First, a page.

More Ways to Be Selfish When Hosting Weddings
If there’s one thing we know about weddings, it’s that they’re your day.
No, wait, maybe they’re a day for you and your partner to publicly affirm your committment to each other.
No, hang on, weddings are for parents to celebrate their children’s transition into a new phase of life.
Maybe weddings are a chance to throw a big party with friends who have known you and your partner for years. Or they’re a way for two families to get to know each other, all the way down to the cousins and grandchildren. Or, as Slate’s David Plotz once wrote, they’re a way to say goodbye to a bunch of people who have been part of your past but probably won’t be included in your future.
What better way to end a friendship than with joy? What better than to have your final memory of each other be of your best, happiest wedding selves?
With so many different definitions of what a wedding is and who a wedding is for, your wedding is bound to raise the ire of at least one of your wedding guests, who will no doubt consider you selfish for not hosting a wedding that matches their personal vision of what a wedding should be. We’ve previously looked at the selfishness of child-free weddings; now we have two more wedding guests who are so angry at the invitations they’ve received that they wrote in to Carolyn Hax to complain.
Complainant #1 believes it is selfish to insist guests attend weddings that require (multiple!) planes:
My friend is having a destination wedding — by which I mean many, many, many hours in the air. We have small children, which would make the travel very difficult, and we have nobody to leave them with at home for the trip. And while we could technically afford it, it would set us back more than we are comfortable with — it’s our “if something bad happens, we need this” pot.
We do not question our decision to send our regrets. The problem is that our friend is taking this personally, and the guilt trips, while relatively mild, are persistent. I really think if you have a wedding that requires (multiple!) planes, you need to recognize your guest list may shrink and not blame guests who are unable to make the trip.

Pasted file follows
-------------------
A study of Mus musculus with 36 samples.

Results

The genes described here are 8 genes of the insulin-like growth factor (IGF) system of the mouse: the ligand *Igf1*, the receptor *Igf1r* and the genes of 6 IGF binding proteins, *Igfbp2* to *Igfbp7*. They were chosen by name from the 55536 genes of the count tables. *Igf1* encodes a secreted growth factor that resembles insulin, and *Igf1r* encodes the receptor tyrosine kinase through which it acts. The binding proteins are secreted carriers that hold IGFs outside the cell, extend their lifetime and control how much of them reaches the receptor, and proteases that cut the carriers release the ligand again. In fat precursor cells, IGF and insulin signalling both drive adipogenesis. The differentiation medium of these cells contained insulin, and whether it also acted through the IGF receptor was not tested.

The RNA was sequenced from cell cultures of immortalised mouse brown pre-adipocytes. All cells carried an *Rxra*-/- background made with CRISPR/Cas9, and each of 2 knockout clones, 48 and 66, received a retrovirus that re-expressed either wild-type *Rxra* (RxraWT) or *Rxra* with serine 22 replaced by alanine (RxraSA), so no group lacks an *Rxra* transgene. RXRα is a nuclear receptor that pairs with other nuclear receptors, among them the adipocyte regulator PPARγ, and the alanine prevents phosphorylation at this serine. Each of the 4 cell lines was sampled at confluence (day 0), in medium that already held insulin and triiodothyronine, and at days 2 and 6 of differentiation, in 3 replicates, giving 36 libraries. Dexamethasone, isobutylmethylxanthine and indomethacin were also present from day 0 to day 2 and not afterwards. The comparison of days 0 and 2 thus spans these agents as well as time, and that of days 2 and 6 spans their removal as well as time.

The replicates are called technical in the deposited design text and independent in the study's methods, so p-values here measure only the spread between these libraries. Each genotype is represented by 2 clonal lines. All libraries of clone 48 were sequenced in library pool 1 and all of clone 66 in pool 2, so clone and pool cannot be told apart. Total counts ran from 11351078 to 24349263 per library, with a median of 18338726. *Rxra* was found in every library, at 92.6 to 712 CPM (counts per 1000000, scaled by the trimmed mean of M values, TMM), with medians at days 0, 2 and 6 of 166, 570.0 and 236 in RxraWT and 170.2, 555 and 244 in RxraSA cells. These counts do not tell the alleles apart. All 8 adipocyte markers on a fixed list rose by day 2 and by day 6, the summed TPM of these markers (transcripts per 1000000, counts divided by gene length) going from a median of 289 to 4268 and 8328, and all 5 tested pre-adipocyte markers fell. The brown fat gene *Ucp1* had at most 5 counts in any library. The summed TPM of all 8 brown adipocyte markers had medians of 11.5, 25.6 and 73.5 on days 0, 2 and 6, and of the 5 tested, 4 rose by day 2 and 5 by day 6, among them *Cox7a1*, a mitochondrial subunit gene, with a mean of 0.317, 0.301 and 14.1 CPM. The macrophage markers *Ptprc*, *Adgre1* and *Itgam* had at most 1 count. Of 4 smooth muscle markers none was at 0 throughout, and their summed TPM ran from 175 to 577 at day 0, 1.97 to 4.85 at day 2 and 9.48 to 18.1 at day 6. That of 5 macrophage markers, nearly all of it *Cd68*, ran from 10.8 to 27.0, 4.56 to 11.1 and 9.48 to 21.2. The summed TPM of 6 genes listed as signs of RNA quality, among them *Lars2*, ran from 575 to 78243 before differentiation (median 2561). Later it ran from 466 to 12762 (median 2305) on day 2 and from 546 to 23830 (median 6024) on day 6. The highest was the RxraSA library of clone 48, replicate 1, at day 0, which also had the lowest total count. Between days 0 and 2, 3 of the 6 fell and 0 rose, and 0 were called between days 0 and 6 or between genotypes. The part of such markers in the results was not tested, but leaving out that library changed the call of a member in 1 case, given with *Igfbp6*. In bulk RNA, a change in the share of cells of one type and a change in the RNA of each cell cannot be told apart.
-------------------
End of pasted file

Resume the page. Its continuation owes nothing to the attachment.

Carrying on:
I’m not sure if The Billfold has an official stance on whether people should spend emergency funds on destination weddings, but I support this letter writer’s decision to not attend this wedding. So does Carolyn Hax:
Next time Friend cranks out the guilt: “Multiple planes + small kids (equal sign) non-starter. You seem to be taking this personally; am I hearing you correctly?”
Part of me really hopes Letter Writer and Friend have this conversation, complete with the equals sign. Just drop it in a text, add a few emoji (listening ear, frowny face, smiling poop), and send. What could go wrong?
Complainant #2 thinks it is selfish to have a small, family-only wedding followed by a larger reception for friends:
If this were my friend’s actual wedding, I would go no matter what. But for a party, I don’t want to take on the hassle involved in finding a way there. I’ve often used your wedding advice as a guide, but I don’t know what you would think about a pseudo-wedding.
This time, Hax lays the smack down:
Scoff much? This isn’t a “re-enactment” or “pseudo-wedding,” it’s a reception, apparently announced as such. […] I often advise an after-the-fact reception as a reasonable solution to many problems that plague weddings — including but not limited to high costs, planning hassles, problematic family members, loved ones who live far from a wedding site, and a desire for an intimate wedding but an inclusive celebration.
Also, some bonus advice from me: if you are thinking of your friend’s wedding reception as a hassle, it is okay not to go! You’re probably not thinking of that friend as someone you’re particularly close to, or someone you hope to spend a lot of time with in the future, so follow David Plotz’s advice and let this wedding be your last significant interaction as friends. Skip the reception, send a lovely card and something inexpensive off the registry, and ghost out of each other’s lives as your best selves.
This story is part of our Wedding Season series.